Pick anytown, USA. You were born there; went to school there; made your living there; had your children and grandchildren and ended your life there. Headstones, like many, tell the story of who came and who went and they helped make the town a unique place.
And so, for a moment, I lamented at how much of that we had lost in the changes we have witnessed over the decades. Here we are in the biggest financial crisis in history, or at least since the Great Depression. What do we do?
Towns not on interstates cannot make it we are told, towns that are not hip and exciting are dead. And so, our young people leave --- with at least a casual observance that those left behind are falling to the drug culture. In a recent focus group of young males in one eastern Kentucky town one participant stated, “Sure I sell drugs --- it’s easy money and I don’t have the connections to get a job even at Wal-Mart.”
How can we recapture that faith in ourselves in American communities? We must if we are going to move forward in a global economy.
Maybe the solution lies in focusing on ourselves. “Localism” has been linked with everything from economic development to environmentalism, but at its core and at its best, it reflects a desire to make the best with what you’ve got.
What you need to build is an intentional city. The intentional city is the middle way --- where both the need to attract creative people and the need to sustain traditional economic and social bases co-exist.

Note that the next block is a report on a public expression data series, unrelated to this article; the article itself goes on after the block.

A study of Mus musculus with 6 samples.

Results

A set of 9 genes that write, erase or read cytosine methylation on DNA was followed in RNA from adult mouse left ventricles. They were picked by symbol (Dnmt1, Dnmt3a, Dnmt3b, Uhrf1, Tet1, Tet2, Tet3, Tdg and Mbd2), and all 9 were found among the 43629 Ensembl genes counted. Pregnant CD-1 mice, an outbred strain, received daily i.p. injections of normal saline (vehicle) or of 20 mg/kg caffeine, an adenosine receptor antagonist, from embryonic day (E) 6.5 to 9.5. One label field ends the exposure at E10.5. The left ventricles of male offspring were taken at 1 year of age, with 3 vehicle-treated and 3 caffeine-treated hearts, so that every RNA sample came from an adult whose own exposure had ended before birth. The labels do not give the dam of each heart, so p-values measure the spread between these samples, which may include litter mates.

It’s okay, after all, not to be the coolest place ever. Why? Well, because most of us aren’t all that cool. But the majority of us still need jobs, fun things to do, people we like and ways to be successful. We need what ‘bell curve’ mixed communities --- with the whole spectrum of skills and talents --- can give.
Take Newton, Iowa. The closure of the Maytag plant and the loss of 1,800 jobs attracted attention from Presidential candidates. But, as is so often the case, only part of the story was told. Though the loss of Maytag was a severe setback, Newton prepared itself for a successful rebound. The town collaborated with state and other nearby cities to attract several wind-turbine manufacturers. Maytag’s previous facilities already possessed the machinery needed for large-scale turbine manufacturing. The available facilities also were situated adjacent to interstate rail lines.
This economic recovery was possible because the town’s people (many of them former Maytag employees) were interested in more than just their own jobs. They cared about Newton. These engaged citizens took a more active role in planning for their city’s future. They knew change had to come from the grassroots and move up from there.
I believe this form of American ingenuity is at work in many small towns and cities. This requires a focus not only on high-tech and “creative” jobs but maintaining more traditional types of work that is equally important to a city’s health.
This kind of effort requires more than sounding off online. Covert citizenship – yelling across the internet --- isn’t real. Sustaining communities requires involvement.
Like the people in Newton, we need to take interest in our own community and intentionally helping it flourish with its own best assets. Just as communities in tropical climates are recovering from hurricanes so can tired and waning cities recovery from malaise and a sense of inferiority.
We need to embrace what we’ve got and not try so hard to be something we’re not. We need to graduate to the current reality but understand also that our greatest advantage lies with what we had to start with.
Sylvia L. Lovely is the Executive Director/CEO of the Kentucky League of Cities and president of the NewCities Institute. She currently serves as chair of the Morehead State University Board of Regents.